Warming our Hands Before the Fire of Life

 

Image from the Turquoise Mountain exhibition at the Freer-Sackler

Image from the Turquoise Mountain exhibition at the Freer-Sackler, Smithsonian Institution

Since the November 2016 elections I have been asking myself how to be, live, and work in a world that appears to sanction autocracy, intolerance, and racism (both veiled and unveiled).  If I had the answer I think I could bottle and sell it!  Yet, over the past past eight weeks I have become aware of  moments of delight, peace, and insight.  Some were moments with family and friends, but many were inspired by the arts–dance, music, literature, and museum experiences.

Nature I loved, and next to nature, Art; I warmed both hands before the fire                                       of life; It sinks, and I am ready to depart.                                                          Walter Savage Landor, 19th c poet

                                  Take your broken heart, make it into art.                                                       Princess Leia, as quoted by Meryl Streep

The thoughts below are in no way original.  The arts have always been valued for their ability to provide meaning and and comfort. Still, I’d like to share a few experiences for a couple of reasons.  First, they might provide you with some ideas for finding your own sense of the meaning of these times. Further, the arts, broadly defined, are a specialty for all of us in museum work. Now more than ever we must nurture and expand their reach. Here, in no particular order, are some personal moments that inspired this post:

  • Attending a performance of The Nutcracker at the Kennedy Center over Thanksgiving weekend with my grandchildren,  I was suddenly caught up in the timeless beauty of Tchaikovsky’s music. (How many times had most of us heard this work, yet we were entranced again.) I was engaged by the familiar steps of the ballet, the innovative and imaginative sets, and  especially by the multi-racial make-up of the Cincinnati Ballet cast. For about half an hour I was lost in the sights and sounds and thought–this is the America I want to live in–where future Misty Copelands and Peter Martins can thrive and grow.
  • Reading the responses of 16 writers–essayists, novelists, journalists–to the election of Donald Trump in the New Yorker (Nov. 21, 2016).  Some of these pieces take on Trump directly, but all provide a wider and deeper perspective.  They lifted me above my hamster-wheel thoughts, and even made me smile a bit (Larry Wilmore’s piece was called “Birther of a Nation.”)  Keen, perceptive observers like Wilmore, Toni Morrison, Mary Karr, Junot Diaz  and others featured in this special issue are going to keep truth-telling alive.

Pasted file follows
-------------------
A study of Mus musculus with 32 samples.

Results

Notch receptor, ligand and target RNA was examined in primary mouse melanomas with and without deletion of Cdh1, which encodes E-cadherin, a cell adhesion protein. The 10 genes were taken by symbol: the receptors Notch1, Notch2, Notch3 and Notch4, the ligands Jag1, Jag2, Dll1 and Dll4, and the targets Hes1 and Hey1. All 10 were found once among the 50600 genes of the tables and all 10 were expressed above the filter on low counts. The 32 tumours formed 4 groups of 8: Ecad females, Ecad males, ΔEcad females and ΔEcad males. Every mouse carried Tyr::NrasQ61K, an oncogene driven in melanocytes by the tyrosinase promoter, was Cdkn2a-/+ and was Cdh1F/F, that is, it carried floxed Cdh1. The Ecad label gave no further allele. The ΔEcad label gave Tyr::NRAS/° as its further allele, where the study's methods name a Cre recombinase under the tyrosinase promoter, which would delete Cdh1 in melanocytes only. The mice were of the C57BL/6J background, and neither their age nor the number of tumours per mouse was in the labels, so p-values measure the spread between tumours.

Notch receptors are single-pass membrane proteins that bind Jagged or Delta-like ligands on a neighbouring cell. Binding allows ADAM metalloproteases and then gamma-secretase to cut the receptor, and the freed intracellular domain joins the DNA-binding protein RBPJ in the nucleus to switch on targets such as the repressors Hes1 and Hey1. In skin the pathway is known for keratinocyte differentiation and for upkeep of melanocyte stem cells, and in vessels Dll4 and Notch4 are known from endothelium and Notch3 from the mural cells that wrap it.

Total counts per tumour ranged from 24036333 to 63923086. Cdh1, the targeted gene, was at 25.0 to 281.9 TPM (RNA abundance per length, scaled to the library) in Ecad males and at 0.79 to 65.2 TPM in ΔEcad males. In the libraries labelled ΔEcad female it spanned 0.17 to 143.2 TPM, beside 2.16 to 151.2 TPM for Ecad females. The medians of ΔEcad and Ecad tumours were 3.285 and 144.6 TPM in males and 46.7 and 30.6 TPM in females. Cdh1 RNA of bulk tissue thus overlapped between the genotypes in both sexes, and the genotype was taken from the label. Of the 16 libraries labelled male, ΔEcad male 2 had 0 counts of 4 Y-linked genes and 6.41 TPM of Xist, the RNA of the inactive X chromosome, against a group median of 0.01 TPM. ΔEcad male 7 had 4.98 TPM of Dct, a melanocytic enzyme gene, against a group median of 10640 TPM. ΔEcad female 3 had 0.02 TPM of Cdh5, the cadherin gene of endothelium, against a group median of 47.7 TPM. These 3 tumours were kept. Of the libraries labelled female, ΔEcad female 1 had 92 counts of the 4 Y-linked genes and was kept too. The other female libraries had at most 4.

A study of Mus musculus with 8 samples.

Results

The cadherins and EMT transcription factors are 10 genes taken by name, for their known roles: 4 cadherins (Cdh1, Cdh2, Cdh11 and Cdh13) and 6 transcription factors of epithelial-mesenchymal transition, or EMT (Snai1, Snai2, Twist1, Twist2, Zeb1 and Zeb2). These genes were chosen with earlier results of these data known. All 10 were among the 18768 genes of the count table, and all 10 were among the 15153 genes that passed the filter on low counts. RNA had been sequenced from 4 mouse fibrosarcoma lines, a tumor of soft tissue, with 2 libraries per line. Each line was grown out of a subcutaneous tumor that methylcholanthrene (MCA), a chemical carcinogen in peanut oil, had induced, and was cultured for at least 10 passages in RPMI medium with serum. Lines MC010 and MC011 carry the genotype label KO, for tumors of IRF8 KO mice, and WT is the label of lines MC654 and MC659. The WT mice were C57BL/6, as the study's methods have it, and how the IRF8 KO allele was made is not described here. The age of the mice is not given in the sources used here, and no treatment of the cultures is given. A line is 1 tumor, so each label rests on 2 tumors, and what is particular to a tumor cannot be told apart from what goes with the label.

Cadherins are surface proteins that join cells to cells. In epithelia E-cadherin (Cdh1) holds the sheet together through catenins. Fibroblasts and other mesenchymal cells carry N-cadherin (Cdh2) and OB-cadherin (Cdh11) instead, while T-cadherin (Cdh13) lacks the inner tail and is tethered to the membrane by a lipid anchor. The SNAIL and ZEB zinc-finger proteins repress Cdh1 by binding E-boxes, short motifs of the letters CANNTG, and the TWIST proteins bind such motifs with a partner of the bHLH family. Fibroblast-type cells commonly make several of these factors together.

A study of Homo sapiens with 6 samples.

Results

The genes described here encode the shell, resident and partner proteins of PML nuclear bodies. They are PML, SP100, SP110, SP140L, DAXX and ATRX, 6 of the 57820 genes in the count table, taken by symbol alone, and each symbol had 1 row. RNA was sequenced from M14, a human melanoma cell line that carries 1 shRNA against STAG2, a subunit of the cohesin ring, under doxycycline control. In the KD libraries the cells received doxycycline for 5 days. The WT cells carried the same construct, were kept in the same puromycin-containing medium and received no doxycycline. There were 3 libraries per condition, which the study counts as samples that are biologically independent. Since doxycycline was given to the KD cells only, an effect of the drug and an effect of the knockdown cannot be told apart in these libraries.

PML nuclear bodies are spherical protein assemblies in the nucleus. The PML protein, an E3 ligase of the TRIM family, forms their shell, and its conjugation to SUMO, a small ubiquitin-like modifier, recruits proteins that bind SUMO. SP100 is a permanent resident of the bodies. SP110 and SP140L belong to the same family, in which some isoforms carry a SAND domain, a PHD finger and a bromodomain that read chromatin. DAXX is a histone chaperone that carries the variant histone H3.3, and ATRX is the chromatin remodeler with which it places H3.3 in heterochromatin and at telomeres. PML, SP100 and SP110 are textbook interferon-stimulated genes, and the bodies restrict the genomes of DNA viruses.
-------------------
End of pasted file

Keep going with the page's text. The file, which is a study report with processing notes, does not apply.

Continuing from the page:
• Visiting the National Museum of African American Culture and History and the Lyndon B. Johnson Library over the holidays. At first I was going to describe these museum visits as bookends, but in fact they are more like parts of a spiral or a snail.  The Johnson Library exhibits reminded me that Johnson not only created Medicare and Medicaid, but his three Civil Rights bills–outlawing Jim Crow segregation, protecting Voting Rights, and legislating against Housing Discrimination–were aimed at ending the injustices that continued the legacy of slavery long after it had been legally banned.  I imagine the cluster of Civil Rights bills as the snail –slow in coming but it got there.  Around the snail is the shell–the context provided by the exhibitions at NMAAHC–that displays with devastating clarity the necessity for these laws.   The combined impact of these museum experiences was relevant and powerful in a personal way: they reminded me that all of these elements of Johnson’s Great Society, from health care for the aging to voters’rights, have been under fire since the 1960’s and are in even greater danger from the upcoming administration and Congress. Exhibitions like these are more important than ever.  As trust in the government and the press declines, museums may survive as one of the few civic institutions people still believe in.
  • Reading the work of two African American writers: James Baldwin and Ta Nehisi Coates. Coates’ recent article in the Atlantic, “My President Was Black,” is another of his great works of literary non-fiction.  It’s a thoughtful take on Obama’s legacy, based on a series of face-to-face interviews.  As for James Baldwin–about six months ago I bought his collected essays, edited by Toni Morrison.  I have found it’s kind of like scripture –you can close your eyes, open the book to any page, and read where your finger lands.  Invariably you will find a thought that seems to have been written yesterday and that you can use today.

My wish for all of us in 2017 is that we will treasure, nourish, and share our rich cultural heritage, and that this will lead to concrete actions to preserve and protect it.  All best for the New Year.

If you are receiving this in an email and would like to comment, please go to www.museumcommons.com or send a tweet to me @gretchjenn.